A polarized Congress seems unlikely to come to grips with the nation’s immigration issues in a comprehensive way any time soon, even as states like Alabama, Arizona and Georgia enact their own, unconstitutional laws to punish undocumented immigrants. Meanwhile, though, there is one federal enforcement proposal being floated that will do far more harm than good – by requiring prison time for virtually all immigration offenses.
The Southern Poverty Law Center urged the Department of Homeland Security today to end raids by federal immigration agents that have terrorized north Alabama families and that undermine federal efforts to protect the civil rights of the state’s Latino community in the wake of the state’s harsh new anti-immigrant law.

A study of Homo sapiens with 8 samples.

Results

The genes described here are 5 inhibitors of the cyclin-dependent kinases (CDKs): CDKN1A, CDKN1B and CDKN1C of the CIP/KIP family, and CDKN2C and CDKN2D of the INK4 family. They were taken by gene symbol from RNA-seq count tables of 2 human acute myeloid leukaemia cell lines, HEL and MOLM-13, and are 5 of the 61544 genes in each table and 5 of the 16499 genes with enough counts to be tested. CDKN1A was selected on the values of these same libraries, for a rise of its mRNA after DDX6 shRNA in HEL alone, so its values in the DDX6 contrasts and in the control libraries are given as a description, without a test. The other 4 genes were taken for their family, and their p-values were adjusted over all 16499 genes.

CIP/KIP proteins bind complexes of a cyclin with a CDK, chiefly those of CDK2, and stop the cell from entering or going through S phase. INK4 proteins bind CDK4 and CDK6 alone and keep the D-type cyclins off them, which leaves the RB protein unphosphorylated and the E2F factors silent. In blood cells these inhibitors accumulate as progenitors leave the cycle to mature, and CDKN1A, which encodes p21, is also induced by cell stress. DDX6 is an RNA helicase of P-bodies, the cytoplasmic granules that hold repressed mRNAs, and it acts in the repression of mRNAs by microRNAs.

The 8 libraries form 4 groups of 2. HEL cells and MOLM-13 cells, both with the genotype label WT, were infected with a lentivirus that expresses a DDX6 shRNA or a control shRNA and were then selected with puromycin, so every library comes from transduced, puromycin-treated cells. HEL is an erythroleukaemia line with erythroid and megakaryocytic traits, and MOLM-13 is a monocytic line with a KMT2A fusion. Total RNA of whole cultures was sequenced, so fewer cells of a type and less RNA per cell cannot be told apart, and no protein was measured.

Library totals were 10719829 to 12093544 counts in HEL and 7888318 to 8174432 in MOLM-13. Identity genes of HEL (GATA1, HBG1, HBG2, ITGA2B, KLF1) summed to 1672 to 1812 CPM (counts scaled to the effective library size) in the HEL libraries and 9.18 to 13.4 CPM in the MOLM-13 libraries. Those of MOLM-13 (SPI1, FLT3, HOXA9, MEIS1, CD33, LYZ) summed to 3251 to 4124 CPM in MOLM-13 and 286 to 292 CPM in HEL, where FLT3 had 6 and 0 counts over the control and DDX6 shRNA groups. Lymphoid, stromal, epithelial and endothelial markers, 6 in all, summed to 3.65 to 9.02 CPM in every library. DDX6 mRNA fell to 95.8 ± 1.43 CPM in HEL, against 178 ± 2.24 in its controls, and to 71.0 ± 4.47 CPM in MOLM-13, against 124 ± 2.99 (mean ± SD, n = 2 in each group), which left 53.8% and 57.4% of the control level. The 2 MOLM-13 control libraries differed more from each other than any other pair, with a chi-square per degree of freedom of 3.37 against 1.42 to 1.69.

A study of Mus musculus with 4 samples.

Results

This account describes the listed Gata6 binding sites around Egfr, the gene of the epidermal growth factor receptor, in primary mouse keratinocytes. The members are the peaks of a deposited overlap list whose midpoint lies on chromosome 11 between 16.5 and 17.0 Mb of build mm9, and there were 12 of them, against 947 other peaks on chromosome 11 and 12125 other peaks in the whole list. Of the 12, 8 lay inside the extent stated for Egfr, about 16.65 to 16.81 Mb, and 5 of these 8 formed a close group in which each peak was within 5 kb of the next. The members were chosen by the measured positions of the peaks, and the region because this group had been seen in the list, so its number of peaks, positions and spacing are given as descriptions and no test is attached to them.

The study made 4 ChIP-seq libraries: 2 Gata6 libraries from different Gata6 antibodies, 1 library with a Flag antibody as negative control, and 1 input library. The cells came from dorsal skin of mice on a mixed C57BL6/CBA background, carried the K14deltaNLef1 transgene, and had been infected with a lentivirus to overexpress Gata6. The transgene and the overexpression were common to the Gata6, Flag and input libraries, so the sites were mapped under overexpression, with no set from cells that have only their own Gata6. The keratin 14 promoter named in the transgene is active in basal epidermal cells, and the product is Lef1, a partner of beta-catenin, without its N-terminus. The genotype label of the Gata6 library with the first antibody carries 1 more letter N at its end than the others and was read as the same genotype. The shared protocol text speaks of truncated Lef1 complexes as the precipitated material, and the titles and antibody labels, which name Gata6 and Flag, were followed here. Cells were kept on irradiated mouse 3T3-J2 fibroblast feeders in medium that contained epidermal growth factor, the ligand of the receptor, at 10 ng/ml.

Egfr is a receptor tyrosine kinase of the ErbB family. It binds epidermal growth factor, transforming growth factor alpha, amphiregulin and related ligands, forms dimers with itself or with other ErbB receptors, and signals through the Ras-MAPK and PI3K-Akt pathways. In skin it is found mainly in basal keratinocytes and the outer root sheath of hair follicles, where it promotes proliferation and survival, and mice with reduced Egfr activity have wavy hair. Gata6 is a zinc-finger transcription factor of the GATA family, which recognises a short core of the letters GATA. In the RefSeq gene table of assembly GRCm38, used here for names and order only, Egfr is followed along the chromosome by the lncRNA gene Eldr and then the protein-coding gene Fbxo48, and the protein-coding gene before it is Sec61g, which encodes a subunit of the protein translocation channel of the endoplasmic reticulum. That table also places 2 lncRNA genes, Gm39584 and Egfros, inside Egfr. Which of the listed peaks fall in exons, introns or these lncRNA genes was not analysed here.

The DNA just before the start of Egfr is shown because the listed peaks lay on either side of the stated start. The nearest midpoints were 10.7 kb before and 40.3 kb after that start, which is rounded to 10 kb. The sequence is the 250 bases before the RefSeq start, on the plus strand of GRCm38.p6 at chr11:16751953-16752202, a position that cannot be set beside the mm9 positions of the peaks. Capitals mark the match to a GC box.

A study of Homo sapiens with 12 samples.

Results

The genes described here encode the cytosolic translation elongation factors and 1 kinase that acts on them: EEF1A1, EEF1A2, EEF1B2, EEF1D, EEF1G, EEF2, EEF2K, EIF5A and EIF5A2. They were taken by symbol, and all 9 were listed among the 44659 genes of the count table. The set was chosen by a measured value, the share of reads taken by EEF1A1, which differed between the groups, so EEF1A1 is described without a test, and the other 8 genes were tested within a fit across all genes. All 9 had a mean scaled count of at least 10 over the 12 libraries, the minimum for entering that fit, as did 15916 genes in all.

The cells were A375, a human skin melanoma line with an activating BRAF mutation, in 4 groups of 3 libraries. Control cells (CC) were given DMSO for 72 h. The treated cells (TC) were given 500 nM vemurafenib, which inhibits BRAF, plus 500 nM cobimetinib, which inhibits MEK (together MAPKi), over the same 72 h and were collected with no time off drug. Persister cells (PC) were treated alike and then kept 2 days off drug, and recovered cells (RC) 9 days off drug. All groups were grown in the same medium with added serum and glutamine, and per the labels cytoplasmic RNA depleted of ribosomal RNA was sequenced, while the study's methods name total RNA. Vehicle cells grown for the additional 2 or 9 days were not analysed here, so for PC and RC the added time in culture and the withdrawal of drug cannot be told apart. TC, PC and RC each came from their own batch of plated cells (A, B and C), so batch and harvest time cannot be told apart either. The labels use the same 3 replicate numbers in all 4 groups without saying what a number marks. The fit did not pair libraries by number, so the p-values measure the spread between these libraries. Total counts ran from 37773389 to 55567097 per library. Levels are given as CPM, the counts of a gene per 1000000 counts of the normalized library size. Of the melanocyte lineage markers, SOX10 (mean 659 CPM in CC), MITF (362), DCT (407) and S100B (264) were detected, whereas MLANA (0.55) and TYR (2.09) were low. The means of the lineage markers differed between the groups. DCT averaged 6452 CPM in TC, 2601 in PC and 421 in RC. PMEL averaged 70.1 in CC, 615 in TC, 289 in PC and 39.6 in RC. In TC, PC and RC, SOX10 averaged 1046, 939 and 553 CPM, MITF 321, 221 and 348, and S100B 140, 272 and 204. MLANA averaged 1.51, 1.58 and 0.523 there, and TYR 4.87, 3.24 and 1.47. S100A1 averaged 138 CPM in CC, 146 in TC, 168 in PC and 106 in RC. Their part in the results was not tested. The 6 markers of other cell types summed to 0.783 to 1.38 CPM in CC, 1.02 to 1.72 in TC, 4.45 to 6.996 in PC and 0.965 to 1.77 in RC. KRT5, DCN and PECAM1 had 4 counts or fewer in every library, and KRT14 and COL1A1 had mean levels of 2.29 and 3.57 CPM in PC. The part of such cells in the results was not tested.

In Jacksonville, Fla., 12-year-old Cristian Fernandez is facing charges of homicide and aggravated child abuse in the adult criminal justice system. If convicted, Cristian will receive the mandatory sentence of life in prison without the possibility of parole.
Culminating a three-year investigation, the U.S. Department of Justice issued a scathing report finding that Maricopa County, Ariz., Sheriff Joe Arpaio’s office has committed a wide range of federal civil rights violations as part of a pattern of unconstitutional racial profiling and discrimination aimed at Latinos.
The SPLC will partner with the Native American Disability Law Center in Farmington, N.M., and the Legal Aid Society of Palm Beach County in West Palm Beach, Fla., as part of a campaign to keep children in school and out of the juvenile justice system.
Every single day, when students walk into school in Birmingham, Ala., they face the threat of being sprayed with pepper spray. In this school system, pepper spray is routinely used as punishment by police officers stationed in schools.